Homeschool Strategies for the Indoor Months, Mama

/ / Blog, Hey Mama, Hey Mama Monday

We have had some beautiful snow here in Colorado! However, the cold keeps the kids indoors most of the day so we try to keep everyone constructively occupied. We like to take some of these days off from the regular workbooks and learn differently on “cabin fever” days. Here are some ideas of what that looks like.

  • You can learn math concepts with LEGOs.
  • Games are fun and provide great educational value. 
  • Here are ideas for making writing enjoyable
  • For art, we get out the paints, polymer clay, sketch pads, stamps, or coloring books and get creative—often while listening to a classic read-aloud.
  • For science, we have made our own Silly Putty® and slime recipes. We have grown crystals, raised sea monkeys, made bird feeders, and done fun experiments during these months. 
  • Watching educational documentaries while folding laundry or listening to audio books while doing chores are always favorites for winter days.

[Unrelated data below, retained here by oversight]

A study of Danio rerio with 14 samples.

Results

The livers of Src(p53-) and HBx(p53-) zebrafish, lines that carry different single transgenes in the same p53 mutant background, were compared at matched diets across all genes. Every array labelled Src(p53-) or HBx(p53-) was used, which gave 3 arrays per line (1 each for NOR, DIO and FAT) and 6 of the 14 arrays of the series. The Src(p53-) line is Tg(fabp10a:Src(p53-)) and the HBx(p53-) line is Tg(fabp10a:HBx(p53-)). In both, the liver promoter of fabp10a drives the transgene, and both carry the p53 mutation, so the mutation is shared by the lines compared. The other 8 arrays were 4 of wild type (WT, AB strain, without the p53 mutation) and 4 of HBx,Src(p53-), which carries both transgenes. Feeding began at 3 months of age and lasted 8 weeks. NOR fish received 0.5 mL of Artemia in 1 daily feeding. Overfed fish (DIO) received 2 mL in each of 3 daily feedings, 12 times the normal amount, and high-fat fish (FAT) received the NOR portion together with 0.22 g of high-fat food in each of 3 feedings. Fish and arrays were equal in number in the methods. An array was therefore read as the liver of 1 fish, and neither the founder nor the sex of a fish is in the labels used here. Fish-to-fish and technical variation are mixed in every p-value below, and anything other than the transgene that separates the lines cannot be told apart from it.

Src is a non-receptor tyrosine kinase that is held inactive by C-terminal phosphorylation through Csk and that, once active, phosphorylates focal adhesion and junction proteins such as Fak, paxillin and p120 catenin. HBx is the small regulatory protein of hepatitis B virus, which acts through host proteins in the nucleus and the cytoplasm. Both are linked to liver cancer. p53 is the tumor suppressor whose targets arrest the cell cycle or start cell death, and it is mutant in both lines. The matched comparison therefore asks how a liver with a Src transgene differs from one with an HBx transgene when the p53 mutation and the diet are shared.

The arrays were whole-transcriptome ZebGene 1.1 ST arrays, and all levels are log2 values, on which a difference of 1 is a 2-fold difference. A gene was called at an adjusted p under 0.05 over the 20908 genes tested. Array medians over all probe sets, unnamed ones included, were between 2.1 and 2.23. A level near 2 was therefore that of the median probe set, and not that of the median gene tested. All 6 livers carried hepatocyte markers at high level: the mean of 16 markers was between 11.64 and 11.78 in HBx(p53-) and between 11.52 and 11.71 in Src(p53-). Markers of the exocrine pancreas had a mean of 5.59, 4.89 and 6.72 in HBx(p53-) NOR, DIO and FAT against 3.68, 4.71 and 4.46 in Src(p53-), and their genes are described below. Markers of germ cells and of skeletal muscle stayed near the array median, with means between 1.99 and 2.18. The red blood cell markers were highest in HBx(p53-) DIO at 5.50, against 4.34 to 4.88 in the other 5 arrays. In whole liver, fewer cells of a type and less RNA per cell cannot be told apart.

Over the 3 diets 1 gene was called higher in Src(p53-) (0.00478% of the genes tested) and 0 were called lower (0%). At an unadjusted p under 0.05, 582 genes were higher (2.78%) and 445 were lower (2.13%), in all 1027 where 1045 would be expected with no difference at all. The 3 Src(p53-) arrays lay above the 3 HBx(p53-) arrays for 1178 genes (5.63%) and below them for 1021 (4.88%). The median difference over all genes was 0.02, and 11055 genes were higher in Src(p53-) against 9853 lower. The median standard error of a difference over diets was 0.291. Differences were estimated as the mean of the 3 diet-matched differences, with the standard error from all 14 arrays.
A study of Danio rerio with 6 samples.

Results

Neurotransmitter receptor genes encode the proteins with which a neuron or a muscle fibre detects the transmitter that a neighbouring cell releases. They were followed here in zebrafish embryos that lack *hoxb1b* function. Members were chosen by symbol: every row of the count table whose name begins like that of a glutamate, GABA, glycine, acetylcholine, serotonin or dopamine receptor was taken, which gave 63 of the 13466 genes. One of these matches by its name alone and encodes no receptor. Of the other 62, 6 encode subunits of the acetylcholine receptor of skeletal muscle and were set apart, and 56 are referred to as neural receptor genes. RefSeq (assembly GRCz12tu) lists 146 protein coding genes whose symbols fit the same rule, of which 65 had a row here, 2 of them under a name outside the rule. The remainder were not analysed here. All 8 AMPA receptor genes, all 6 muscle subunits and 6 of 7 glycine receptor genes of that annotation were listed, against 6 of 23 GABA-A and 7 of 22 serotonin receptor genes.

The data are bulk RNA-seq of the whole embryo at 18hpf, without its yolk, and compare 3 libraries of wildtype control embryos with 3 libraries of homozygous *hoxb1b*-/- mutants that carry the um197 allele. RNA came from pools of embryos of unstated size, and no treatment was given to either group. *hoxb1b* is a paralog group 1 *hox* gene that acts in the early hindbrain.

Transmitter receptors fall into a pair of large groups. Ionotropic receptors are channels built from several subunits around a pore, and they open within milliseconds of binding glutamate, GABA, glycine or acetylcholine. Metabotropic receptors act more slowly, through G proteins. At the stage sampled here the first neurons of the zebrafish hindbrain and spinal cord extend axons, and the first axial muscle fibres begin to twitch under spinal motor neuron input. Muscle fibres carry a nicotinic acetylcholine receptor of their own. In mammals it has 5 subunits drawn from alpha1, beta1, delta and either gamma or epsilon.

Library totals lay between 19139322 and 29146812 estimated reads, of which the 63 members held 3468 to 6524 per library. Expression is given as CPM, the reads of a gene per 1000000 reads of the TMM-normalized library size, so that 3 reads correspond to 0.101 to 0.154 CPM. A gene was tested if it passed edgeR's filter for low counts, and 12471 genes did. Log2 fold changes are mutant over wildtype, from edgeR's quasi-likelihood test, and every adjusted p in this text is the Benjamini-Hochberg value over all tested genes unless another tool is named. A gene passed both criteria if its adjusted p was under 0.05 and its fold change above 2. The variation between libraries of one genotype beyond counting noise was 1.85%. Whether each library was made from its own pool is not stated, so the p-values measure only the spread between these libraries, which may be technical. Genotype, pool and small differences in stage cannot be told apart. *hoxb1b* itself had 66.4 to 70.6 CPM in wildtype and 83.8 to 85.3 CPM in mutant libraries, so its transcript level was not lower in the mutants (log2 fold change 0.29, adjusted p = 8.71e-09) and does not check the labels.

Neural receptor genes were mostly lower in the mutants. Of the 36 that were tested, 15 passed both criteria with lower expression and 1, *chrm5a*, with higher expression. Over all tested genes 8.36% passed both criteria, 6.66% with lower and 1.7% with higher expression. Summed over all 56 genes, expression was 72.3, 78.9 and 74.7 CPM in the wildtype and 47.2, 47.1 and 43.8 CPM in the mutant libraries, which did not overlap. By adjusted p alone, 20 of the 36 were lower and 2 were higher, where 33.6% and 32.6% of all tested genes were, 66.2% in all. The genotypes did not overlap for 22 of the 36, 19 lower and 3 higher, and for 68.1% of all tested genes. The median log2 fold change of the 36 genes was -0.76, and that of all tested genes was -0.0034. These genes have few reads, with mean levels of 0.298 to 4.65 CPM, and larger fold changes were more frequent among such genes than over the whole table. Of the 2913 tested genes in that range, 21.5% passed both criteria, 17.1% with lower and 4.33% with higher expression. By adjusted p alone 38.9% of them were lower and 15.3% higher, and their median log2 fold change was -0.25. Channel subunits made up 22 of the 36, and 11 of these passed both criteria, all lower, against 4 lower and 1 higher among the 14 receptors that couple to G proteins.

• Memorizing Scripture together can take time so an indoor day is a great day to work on copywork, repeating the verses. 
  • Add in some instruction in teaching manners while providing cookies and tea. 

Whatever you find to do, try to savor and enjoy daily life together. Smile at your children. Find the positive in every situation. I am learning to smile and persevere no matter what life brings (rather than my normal reactions which light everyone’s fuse with frustration and impatience). Those little ones will be big ones tomorrow, and they will either be frustrated and impatient parents or full of joy. The choice is ours to model today.

“Watch, stand fast in the faith, be brave, be strong. Let all that you do be done with love” (1 Corinthians 16:13-14).


Deborah WuehlerDeborah Wuehler is the Senior Editor and Director of Production here at The Old Schoolhouse® Magazine. She would say she is a very ordinary homeschool mom–with one exception: she has an extraordinary God Who provides all she needs for life and homeschooling. She has eight children aged 11 to 29. Deborah’s mission is this: to point other homeschoolers to the Lord in all they do, think, and feel—and to confirm that they, too, can find everything they need for life, godliness, and homeschooling in their knowledge of Him (2 Peter 1:3-4).